United States District Court, District of Nevada

December 12, 2014

JOSETTE HERNANDEZ, PLAINTIFF
v.
WESTSTATES PROPERTY MANAGEMENT; OVERTON ASSOCIATES, LP, FREDDY LUDENA, AND ALMA LOPEZ, DEFENDANTS

ORDER DENYING PLAINTIFF’S EMERGENCY MOTION FOR TEMPORARY RESTRAINING ORDER AND PRELIMINARY INJUNCTION [DOCS. 2, 5]

Jennifer A. Dorsey United States District Judge

Plaintiff Josette Hernandez filed this action this afternoon in an attempt to stop her 5:00 p.m. eviction from her apartment unit as ordered by the Moapa Valley Justice Court. She suggests that she would appeal the justice court’s decision in the state-court system, but the Moapa Valley Justice Court is closed today.[1] So she turns to this court instead, alleges that her eviction violates the Fair Housing Act, [2] and moves for an emergency temporary restraining order and preliminary injunction to stop the eviction and the effect of the Moapa Valley court’s order.[3]

The standards for granting a temporary restraining order and a preliminary injunction are the same.[4] Under Rule 65(d), “Every order granting an injunction . . . must: (a) state the reasons why it issued; (b) state its terms specifically; and (c) describe in reasonable detail—and not by referring to the complaint or other document—the act or acts restrained or required.”[5] “A preliminary injunction is an extraordinary and drastic remedy, one that should not be granted unless the movant, by a clear showing, carries the burden of persuasion.”[6] It is never granted as of right.[7] As the United States Supreme Court explained in Winter v. Natural Resources Defense Council, the district court inquires whether the movant has demonstrated: (1) a likelihood of success on the merits, (2) irreparable injury, (3) that remedies available at law are inadequate, (4) that the balance of hardships justify a remedy in equity, and (5) that the public interest would not be disserved by a favorable ruling.[8]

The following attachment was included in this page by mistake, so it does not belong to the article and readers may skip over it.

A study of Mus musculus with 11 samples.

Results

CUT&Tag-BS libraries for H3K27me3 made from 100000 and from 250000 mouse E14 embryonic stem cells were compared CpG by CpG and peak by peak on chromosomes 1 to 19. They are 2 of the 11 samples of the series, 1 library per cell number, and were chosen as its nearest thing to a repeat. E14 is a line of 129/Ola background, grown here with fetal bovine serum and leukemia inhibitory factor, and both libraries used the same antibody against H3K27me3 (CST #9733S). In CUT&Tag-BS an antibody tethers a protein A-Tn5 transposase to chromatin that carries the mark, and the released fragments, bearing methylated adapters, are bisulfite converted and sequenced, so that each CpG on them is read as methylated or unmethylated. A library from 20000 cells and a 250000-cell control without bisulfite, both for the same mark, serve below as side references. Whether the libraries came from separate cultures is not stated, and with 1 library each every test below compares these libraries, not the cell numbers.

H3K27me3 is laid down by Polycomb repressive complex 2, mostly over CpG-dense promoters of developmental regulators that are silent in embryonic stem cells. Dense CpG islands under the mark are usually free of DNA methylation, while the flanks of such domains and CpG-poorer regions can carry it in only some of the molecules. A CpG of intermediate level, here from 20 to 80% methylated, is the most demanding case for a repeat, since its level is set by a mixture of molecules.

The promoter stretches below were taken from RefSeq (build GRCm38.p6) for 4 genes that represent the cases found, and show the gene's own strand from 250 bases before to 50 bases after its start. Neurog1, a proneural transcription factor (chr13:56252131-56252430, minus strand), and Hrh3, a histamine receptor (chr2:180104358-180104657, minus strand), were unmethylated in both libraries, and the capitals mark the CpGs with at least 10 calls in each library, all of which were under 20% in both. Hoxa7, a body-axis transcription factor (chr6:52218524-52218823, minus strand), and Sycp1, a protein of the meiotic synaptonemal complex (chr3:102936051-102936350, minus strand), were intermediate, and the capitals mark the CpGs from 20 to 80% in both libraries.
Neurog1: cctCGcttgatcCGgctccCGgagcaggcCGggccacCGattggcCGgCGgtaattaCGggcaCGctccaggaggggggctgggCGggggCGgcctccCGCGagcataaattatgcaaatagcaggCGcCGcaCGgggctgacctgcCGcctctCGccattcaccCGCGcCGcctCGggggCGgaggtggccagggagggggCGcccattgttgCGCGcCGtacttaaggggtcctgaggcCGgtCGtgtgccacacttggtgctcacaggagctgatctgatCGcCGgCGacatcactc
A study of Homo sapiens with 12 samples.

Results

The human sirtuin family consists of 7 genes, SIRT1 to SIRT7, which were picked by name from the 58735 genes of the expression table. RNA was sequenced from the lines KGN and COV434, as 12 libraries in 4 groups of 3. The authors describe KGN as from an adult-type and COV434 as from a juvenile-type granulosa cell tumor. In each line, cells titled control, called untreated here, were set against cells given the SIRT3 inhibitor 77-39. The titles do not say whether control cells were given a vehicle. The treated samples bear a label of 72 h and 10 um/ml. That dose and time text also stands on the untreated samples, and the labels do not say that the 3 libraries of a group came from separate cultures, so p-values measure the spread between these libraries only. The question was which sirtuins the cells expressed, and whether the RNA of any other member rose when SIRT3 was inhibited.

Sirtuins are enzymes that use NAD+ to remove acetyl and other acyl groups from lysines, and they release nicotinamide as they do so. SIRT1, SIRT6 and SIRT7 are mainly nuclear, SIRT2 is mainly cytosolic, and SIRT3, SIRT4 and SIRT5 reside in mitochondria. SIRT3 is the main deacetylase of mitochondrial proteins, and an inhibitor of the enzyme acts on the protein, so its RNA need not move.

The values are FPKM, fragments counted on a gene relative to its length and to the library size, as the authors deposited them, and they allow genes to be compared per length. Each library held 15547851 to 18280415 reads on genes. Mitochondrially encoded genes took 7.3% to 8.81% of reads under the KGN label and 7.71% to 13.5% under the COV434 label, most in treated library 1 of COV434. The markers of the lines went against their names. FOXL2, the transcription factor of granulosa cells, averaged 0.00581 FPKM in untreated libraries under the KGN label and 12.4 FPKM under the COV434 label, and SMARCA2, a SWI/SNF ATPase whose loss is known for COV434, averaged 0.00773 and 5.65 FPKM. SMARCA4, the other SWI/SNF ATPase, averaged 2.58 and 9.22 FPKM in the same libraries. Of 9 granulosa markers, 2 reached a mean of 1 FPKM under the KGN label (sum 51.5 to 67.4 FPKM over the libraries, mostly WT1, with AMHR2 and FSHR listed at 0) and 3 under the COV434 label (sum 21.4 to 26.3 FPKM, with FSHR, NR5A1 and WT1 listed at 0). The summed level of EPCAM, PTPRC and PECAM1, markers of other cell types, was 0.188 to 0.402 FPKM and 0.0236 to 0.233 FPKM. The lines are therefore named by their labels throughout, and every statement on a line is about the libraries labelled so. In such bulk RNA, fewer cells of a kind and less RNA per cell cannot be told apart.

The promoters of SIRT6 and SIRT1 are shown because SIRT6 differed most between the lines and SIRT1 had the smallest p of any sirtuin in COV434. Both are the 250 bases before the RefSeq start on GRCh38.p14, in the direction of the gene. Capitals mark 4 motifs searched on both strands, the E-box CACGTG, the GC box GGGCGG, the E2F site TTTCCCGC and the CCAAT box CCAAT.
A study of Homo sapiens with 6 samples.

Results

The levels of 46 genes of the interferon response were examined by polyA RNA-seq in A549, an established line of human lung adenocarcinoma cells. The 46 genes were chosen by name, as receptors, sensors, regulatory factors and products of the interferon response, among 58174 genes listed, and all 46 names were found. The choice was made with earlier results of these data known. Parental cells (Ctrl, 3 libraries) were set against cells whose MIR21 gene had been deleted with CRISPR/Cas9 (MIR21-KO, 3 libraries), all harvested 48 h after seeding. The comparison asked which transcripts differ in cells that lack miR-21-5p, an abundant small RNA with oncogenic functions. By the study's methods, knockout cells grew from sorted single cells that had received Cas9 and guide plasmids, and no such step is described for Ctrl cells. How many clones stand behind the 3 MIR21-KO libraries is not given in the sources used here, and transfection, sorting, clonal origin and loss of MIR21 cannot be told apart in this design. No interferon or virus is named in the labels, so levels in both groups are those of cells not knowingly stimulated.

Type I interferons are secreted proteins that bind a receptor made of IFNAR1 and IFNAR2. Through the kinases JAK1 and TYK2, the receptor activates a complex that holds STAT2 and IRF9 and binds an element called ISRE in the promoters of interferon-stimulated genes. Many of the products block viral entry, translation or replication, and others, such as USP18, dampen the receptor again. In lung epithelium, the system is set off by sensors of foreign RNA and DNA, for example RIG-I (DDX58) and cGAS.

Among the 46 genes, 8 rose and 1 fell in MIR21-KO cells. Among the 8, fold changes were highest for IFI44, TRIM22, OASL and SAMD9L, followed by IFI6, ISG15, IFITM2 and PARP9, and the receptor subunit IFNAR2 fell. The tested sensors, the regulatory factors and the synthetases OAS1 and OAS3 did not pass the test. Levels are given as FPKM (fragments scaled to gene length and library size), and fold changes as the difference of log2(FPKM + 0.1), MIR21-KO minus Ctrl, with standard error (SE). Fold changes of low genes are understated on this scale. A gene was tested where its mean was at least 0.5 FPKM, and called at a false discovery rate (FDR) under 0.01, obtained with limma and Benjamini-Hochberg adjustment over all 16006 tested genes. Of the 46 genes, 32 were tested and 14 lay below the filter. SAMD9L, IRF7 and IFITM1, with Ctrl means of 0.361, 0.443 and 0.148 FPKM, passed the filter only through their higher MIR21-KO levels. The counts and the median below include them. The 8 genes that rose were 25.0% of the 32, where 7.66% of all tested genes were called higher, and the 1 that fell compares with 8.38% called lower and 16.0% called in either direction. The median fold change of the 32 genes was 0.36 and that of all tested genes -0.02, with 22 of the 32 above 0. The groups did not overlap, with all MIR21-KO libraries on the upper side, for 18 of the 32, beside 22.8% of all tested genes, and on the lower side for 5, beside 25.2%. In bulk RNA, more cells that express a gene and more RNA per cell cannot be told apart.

However, federal courts are courts of limited jurisdiction.[9] Under Federal Rule of Civil Procedure 12(h)(3), “If the court determines at any time that it lacks subject-matter jurisdiction, the court must dismiss the action.”[10] The Rooker–Feldman doctrine recognizes that a district court lacks subject matter jurisdiction to review—directly or indirectly—a state court judgment.[11] Its application “is confined to cases of the kind from which the doctrine acquired its name: cases brought by state-court losers complaining of injuries caused by state-court judgments rendered before the district court proceedings commenced and inviting district court review and rejection of those judgments.”[12]The doctrine also bars relitigation of issues that are “inextricably intertwined” with a state court judgment[13] Thus, the fact that a particular provision of federal law was not raised in a state court proceeding will not bar application of the Rooker-Feldman doctrine if the federal suit is an impermissible de facto appeal.

In this case, although I am sympathetic to Hernandez’s plight, it is clear from her representations that her request to enjoin her eviction proceedings is a de facto appeal of the state court’s summary eviction decision. As I lack jurisdiction over this claim under the Rooker-Feldman doctrine, Hernandez is unlikely to succeed on the merits of her claim. I need not reach the other prongs of the conjunctive test before denying her request for injunctive relief

Accordingly, it is HEREBY ORDERED that plaintiffs’ emergency motion for temporary restraining order [Doc. 2] and emergency motion for preliminary injunction [Doc. 5] are DENIED.